Sunday, 10 June 2007

Refugee Springwatch 2

We can’t claim to have seen hungry baby owls eating their siblings or hares copulating in fields or Bill Goodie being patronising to the lovely Kate at Refugee Towers, but……

……Our first 2 wren chicks have fledged their nest. Good luck to them. Where do they go? Probably not too far according to goodie old Bill. 2 gone, 4 to go.

……On Friday, the 4 blackbird eggs hatched to reveal 4 scrawny, featherless chicks with enormous gaping mouths and closed eyes. Unfortunately, by the time I snapped the brood this morning there were only 3 left. The mother remains attentive – keeping her brood warm when in the nest and returning regularly after feeding.

……Previously unmentioned is the vast sparrow colony living noisily in the ivy/Russian vine hedge and in a back wall in the cracks between the stones. We’ve added a bird-feeder and they have quickly adapted to feed from it, as well as making an almighty mess of the seed they drop on the ground beneath.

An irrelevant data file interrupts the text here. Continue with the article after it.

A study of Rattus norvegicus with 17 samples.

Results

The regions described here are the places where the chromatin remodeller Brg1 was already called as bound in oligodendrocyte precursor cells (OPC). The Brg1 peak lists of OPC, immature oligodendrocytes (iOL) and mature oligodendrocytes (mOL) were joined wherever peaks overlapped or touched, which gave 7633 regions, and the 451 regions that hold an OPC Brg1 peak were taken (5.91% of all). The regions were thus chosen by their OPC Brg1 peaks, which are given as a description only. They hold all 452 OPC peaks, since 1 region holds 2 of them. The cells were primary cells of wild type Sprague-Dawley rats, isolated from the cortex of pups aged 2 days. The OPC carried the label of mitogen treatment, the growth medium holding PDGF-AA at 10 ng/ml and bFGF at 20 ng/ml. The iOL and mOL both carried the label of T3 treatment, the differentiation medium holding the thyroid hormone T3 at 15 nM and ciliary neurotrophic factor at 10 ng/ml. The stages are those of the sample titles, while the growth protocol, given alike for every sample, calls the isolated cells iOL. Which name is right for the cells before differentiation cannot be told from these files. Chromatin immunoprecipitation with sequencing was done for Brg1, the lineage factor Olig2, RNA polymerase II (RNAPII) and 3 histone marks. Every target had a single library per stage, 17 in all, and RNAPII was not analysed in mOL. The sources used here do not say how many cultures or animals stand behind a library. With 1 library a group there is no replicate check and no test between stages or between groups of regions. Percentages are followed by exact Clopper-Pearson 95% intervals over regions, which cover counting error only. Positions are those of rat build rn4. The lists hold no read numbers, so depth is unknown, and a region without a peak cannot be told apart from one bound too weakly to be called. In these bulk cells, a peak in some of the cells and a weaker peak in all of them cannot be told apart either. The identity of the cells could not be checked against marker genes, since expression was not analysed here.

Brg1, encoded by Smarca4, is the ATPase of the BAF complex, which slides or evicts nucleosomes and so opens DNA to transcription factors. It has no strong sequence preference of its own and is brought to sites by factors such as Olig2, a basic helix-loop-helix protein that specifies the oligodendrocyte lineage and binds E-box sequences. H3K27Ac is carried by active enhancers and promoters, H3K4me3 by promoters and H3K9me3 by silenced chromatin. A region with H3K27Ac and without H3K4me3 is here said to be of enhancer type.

……It’s been difficult to discern just how many swallow chicks because we’re now not quite sure how many swallows have actually nested this year. IS and I spent an hour today checking out (and videoing) the swallows in the barn. As a result, we have to revise our swallow stats. There are 5 nests in the barn of which 3 are in use – 6 swallows fly in, out and around the inside of the barn at regular intervals. We have seen 4 chicks in one nest, 2 in another and we have heard 2 or 3 in a 3rd nest. Interestingly, the swallow chicks start to open their mouths when they hear their parents chirruping OUTSIDE the barn.
During our stay in the barn we discovered 3 chicks dead on the ground beneath one nest and 2 chicks dead on the ground beneath another nest. Once a chick falls from the 20 foot from the nest to the ground about 20+ feet below there is no way back. We were very sad to find the dead chicks and it may be that the nests were not constructed well enough or they may just have toppled out but perhaps the parents don’t seem to be unduly troubled – they still fly around happily – and they will soon produce a second summer brood.